Background: Long QT syndrome (LQTS) can present with sudden death during exertion.
Objective: The purpose of this study was to determine the diagnostic importance of exercise-induced ventricular ectopy in the evaluation of LQTS.
Methods: From 1998 to 2006, 381 patients with a referral diagnosis of LQTS underwent a treadmill exercise stress test. An investigator blinded to both genotype and rendered diagnosis scored the stress tests for the presence of exercise-induced ventricular ectopy.
Results: The dismissal diagnosis was LQTS in 177 (46%), catecholaminergic polymorphic ventricular tachycardia (CPVT) in 16, miscellaneous cardiac disease in 17, and normal in 171. Exercise-induced ventricular ectopy was detected in 107 (28%) patients. However, only 34 patients (9% overall) had exercise-induced ventricular ectopy greater than single premature ventricular contractions (PVCs). Among the 171 patients dismissed as normal, only 2% had ectopy greater than single PVCs. Among the genotype-positive LQTS patients, no significant ectopy was recorded in 80 with LQT1, compared to 5 (8%) patients with LQT2 and 3 (20%) patients with LQT3 (P <.0001). In contrast, exercise-induced ventricular ectopy beyond single PVCs was far more common among patients with CPVT (14/16 [88%]; P <.0001) and included PVCs in bigeminy in 13 (81%), couplets in 7 (47%), and nonsustained ventricular tachycardia in 3 (19%). Of note, bidirectional VT was not present in any of the 16 patients diagnosed with CPVT, including the 10 with genetically proven, RYR2-mediated CPVT.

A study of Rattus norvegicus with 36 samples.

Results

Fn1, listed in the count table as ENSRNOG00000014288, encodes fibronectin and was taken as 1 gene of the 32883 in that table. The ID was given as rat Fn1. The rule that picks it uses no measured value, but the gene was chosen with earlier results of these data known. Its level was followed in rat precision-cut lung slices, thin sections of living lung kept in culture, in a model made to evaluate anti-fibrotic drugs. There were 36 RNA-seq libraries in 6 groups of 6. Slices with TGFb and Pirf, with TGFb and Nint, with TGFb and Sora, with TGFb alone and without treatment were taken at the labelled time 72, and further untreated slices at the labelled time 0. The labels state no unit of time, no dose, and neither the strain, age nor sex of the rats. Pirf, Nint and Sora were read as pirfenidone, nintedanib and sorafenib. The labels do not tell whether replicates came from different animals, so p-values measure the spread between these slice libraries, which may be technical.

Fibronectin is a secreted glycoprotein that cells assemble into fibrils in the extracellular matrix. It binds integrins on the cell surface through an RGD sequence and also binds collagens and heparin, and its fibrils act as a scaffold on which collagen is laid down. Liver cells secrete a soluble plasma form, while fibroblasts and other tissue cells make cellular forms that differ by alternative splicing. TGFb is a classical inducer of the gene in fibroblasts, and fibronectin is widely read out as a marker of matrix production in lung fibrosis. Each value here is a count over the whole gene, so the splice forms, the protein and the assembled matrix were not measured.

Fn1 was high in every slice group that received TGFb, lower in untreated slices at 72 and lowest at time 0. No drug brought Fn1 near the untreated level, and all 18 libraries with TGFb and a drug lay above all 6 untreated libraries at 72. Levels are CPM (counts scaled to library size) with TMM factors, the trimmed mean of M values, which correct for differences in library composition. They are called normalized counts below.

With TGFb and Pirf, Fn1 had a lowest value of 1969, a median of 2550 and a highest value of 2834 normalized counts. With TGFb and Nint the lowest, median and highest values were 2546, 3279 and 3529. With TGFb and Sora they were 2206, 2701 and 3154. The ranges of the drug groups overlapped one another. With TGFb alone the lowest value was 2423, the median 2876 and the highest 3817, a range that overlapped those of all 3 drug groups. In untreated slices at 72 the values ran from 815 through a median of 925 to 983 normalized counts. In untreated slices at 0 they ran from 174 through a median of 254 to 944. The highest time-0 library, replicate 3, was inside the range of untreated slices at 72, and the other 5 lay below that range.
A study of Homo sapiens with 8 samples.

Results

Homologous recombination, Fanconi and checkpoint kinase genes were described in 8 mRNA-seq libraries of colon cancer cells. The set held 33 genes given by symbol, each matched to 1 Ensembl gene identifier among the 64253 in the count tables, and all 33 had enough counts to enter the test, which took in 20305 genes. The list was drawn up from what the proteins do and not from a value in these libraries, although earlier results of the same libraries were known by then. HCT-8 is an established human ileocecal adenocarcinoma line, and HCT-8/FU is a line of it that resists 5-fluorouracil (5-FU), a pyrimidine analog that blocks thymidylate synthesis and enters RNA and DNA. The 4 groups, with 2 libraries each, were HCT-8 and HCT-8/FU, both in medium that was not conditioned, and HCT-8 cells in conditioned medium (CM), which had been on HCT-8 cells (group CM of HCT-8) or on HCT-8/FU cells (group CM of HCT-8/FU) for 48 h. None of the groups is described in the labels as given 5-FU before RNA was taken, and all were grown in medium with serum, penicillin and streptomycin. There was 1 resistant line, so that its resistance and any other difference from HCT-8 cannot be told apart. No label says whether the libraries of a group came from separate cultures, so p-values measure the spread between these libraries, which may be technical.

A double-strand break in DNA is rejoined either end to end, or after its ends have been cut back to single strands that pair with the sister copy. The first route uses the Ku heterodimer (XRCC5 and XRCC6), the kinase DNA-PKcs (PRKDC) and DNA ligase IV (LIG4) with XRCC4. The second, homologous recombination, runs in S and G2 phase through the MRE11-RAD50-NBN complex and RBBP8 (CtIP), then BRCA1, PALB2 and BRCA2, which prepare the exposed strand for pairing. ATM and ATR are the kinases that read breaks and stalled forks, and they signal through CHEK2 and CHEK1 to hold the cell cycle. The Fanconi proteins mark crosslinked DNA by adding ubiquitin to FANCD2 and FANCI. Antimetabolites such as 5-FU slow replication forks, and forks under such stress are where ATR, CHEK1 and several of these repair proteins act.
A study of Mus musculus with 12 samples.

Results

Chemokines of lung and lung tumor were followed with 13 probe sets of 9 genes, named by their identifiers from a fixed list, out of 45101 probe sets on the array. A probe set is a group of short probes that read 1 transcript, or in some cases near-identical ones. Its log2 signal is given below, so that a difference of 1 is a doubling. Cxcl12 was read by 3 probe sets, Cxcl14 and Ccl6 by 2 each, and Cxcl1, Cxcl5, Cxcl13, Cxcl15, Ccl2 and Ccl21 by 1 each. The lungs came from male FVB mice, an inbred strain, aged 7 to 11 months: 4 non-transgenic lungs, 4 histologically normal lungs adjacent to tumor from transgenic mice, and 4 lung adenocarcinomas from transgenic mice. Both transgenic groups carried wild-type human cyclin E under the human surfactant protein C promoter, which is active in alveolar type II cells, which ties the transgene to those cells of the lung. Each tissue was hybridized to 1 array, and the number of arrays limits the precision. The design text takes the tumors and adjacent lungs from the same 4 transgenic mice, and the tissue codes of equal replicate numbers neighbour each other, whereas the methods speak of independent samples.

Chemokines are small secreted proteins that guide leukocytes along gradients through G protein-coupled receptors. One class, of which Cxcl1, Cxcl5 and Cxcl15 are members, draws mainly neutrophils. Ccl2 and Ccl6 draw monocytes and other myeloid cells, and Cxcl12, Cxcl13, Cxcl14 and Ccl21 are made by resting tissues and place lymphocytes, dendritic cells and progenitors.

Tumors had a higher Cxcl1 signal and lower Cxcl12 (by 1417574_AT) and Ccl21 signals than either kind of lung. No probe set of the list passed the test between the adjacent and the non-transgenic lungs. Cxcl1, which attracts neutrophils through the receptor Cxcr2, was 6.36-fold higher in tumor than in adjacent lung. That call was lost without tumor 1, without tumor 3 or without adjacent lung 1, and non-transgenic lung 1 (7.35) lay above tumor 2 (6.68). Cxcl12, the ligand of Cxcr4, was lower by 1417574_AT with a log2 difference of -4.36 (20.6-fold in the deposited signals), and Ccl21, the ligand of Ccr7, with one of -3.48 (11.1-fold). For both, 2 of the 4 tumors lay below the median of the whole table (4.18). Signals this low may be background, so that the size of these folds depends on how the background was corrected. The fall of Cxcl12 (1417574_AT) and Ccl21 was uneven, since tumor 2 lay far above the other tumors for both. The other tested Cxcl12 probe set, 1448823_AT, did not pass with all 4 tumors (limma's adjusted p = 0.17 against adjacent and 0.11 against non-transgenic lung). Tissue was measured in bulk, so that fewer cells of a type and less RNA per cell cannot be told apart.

Conclusion: Exercise-induced ventricular ectopy exceeding single PVCs was observed in less than 10% of patients referred for LQTS evaluation, including 2% of patients ultimately dismissed as normal. Exercise-induced bigeminy is strongly associated with the presence of significant cardiovascular disease but is far more likely to indicate CPVT than LQTS.